The prestigious Lancet medical journal has published a disingenuous editorial falsely attributing seven million deaths from air pollution to “climate change.”
“The effects of climate change are inextricably entwined with health,” the May 12 editorial begins, “ranging from the WHO estimate of 7 million deaths from breathing polluted air indoors and outdoors” to a series of other harmful consequences.
This statement is patently false, and the Lancet editors know it.
The World Health Organization (WHO) report to which the editorial refers makes no mention of climate change and speaks only of the adverse health effects of polluted air, a different phenomenon.
According to the WHO report, “around 7 million people die every year from exposure to fine particles in polluted air that penetrate deep into the lungs and cardiovascular system, causing diseases including stroke, heart disease, lung cancer, chronic obstructive pulmonary diseases and respiratory infections, including pneumonia.”
All of these potentially fatal pathologies are causes by “exposure to fine particles in polluted air” and not by global warming.
In its infographic on the causes of air pollution, the WHO lists six sources of dangerous fine particulate matter, none of which is related to climate change. The six sources of air pollution are industry and energy supply, dust, agricultural practices, transport, waste management, and household energy.
Among the six solutions proposed by WHO for combatting air pollution, not one of them touches on carbon dioxide emissions, for the simple reason that CO2 is not a pollutant and is not harmful to human health. Unlike pollutants, carbon dioxide is odorless, colorless, and most importantly, non-toxic.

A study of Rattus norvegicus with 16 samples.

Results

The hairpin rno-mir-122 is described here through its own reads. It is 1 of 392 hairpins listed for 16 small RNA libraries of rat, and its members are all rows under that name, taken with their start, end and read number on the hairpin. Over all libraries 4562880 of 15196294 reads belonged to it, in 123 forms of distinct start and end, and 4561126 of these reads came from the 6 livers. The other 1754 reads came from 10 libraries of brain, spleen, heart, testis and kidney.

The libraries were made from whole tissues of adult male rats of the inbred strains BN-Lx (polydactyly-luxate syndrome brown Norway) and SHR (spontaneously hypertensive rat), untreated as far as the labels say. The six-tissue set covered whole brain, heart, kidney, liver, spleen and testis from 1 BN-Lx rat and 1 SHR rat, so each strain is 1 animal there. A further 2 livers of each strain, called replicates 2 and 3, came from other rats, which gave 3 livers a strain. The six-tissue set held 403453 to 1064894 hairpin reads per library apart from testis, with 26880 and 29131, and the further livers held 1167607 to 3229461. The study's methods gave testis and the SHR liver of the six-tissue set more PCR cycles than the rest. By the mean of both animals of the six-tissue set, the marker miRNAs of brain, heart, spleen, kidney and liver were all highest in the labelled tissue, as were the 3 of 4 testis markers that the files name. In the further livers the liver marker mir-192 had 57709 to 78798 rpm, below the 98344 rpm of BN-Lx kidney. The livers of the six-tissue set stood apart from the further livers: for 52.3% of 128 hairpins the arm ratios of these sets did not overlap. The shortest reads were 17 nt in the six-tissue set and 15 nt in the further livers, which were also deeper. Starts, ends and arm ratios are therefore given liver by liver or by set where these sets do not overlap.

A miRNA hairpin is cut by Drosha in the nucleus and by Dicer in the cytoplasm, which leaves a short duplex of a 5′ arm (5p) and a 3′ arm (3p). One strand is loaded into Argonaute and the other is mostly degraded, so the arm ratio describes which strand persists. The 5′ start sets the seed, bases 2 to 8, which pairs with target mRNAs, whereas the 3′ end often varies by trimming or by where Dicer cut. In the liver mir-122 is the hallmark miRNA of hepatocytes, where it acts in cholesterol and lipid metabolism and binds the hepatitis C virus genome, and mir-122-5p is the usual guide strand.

The WHO database collects annual mean concentrations of fine particulate matter. Those that pose “the greatest risks to human health” are sulfate, nitrates, and black carbon, they observe.
The WHO report notes that deaths relating to air pollution occur overwhelmingly in third-world countries where large segments of the population “still do not have access to clean cooking fuels and technologies in their homes.”
“More than 90% of air pollution-related deaths occur in low- and middle-income countries, mainly in Asia and Africa,” WHO declares, “followed by low- and middle-income countries of the Eastern Mediterranean region, Europe and the Americas.”
“The highest ambient air pollution levels are in the Eastern Mediterranean Region and in South-East Asia, with annual mean levels often exceeding more than 5 times WHO limits, followed by low and middle-income cities in Africa and the Western Pacific,” the report states.
In general, “ambient air pollution levels are lowest in high-income countries, particularly in Europe, the Americas and the Western Pacific,” it concludes.
The Lancet editorial shamelessly links lethal air pollution to global warming, without bothering to attempt to establish a real connection between the two.
It then goes on to speak of how the horrible effects of air pollution can be averted by enacting measures to lower carbon dioxide emissions, which, again, is demonstrably false.
The overtly political editorial seeks to persuade a naïve public to enact policy to reduce CO2 emissions by making them think that this will curb deadly air pollution, which it will not.
“Climate change legislation is a central concern across government at all levels, and is not solely about the changing climate, but is embedded in public health policies,” the editors contend.
The Lancet has been a reputable medical journal since its founding in London in 1823. With this unworthy essay, the editors have besmirched the journal’s hard-earned good name by bowing to ideology and political interests.
When propaganda poses as science, everyone loses.